Accra, Sept.16, GNA. - Dr Issabella Sagoe-Moses, National Child Health Co-ordinator, on Thursday appealed to the government to establish baby friendly institutions at all public workplaces and extend the maternity leave of mothers.
She said the current three months maternity leave was not enough for mothers to wean their babies thus compelling some of them to sneak home during working hours to breastfeed their babies.
Dr. Sagoe-Moses was speaking at a seminar on "Breastfeeding-Working and Schooling" organised by the Women's Commission of Accra City Campus of the University of Ghana, Legon and sponsored by the World Health Organisation and the United Nations Children Fund (UINCEF). She called on the authorities to ensure that all nursing mothers enjoy six months maternity leave to enable them to breastfeed their babies exclusively.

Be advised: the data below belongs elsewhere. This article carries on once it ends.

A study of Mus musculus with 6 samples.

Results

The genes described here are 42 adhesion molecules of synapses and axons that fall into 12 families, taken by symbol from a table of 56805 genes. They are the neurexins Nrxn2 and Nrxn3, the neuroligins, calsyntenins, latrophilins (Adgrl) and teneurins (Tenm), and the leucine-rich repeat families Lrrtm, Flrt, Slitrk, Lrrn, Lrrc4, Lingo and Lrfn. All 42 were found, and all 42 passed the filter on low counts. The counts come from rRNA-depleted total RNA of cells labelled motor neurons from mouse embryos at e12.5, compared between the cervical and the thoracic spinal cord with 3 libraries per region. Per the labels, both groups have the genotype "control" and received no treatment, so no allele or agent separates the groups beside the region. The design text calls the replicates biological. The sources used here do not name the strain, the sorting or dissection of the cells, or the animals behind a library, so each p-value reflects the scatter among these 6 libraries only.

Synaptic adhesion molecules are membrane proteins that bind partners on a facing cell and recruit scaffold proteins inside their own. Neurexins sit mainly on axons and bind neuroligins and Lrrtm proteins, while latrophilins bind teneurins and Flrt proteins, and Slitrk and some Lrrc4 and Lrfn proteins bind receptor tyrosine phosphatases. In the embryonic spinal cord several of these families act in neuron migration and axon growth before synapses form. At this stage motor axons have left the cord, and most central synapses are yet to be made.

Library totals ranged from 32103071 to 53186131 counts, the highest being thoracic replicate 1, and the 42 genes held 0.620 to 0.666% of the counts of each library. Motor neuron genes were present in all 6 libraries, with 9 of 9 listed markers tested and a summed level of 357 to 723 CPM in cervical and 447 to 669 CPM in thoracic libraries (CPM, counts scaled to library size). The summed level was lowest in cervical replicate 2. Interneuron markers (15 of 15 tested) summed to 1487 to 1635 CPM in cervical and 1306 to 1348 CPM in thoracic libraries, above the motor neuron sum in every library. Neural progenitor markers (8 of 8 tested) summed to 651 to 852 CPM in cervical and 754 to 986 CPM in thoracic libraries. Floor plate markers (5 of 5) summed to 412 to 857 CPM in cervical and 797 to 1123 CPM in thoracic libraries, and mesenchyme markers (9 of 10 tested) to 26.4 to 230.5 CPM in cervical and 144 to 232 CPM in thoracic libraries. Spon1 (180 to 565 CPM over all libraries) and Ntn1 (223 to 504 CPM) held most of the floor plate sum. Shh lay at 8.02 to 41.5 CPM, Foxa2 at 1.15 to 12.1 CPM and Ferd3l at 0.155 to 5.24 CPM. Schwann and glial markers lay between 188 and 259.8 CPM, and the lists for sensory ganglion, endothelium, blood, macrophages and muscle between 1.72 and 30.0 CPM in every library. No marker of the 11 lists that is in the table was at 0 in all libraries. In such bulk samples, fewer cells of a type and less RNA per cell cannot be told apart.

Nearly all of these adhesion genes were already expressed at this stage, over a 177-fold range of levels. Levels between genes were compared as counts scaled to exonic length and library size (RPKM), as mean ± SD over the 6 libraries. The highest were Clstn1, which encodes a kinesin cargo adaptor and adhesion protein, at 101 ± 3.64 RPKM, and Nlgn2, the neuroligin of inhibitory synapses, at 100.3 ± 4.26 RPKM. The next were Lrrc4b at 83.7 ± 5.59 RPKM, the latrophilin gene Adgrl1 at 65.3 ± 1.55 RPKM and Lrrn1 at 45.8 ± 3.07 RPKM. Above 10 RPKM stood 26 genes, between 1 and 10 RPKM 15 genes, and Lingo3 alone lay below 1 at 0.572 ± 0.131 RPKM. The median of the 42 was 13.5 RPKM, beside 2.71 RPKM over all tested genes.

Dr. Sagoe-Moses noted that the importance of breastfeeding could not be over emphasised and urged government to formulate policies that could assist mothers breastfeed their babies properly.
She said nutrition was fundamental for human growth and development and that, breast milk with its natural nutrients provided protection against diseases and serve as the first immunisation for babies.
Dr. Sagoe-Moses said: "Six per cent of child death is due to malnutrition: their survival after sickness depends on their nutrition." She said despite the numerous benefits of breastfeeding including the prevention of breast and ovarian cancers, only 26 per cent of nursing mothers in Ghana breastfeed exclusively.
Dr. Sagoe-Moses said the cause of this was the lack of knowledge about the dangers of avoiding breastfeeding.
Mrs. Charllote Acquah, Acting Country Director, Linkages Project-Ghana Health Service, said it was possible for schooling and working mothers to breastfeed their babies exclusively using the expressive method but called on the government to ensure that employers give nursing mothers ample time to breastfeed their babies. She said an enabling environment should be created for women for the proper upbringing of children adding that women were entitled to womanhood.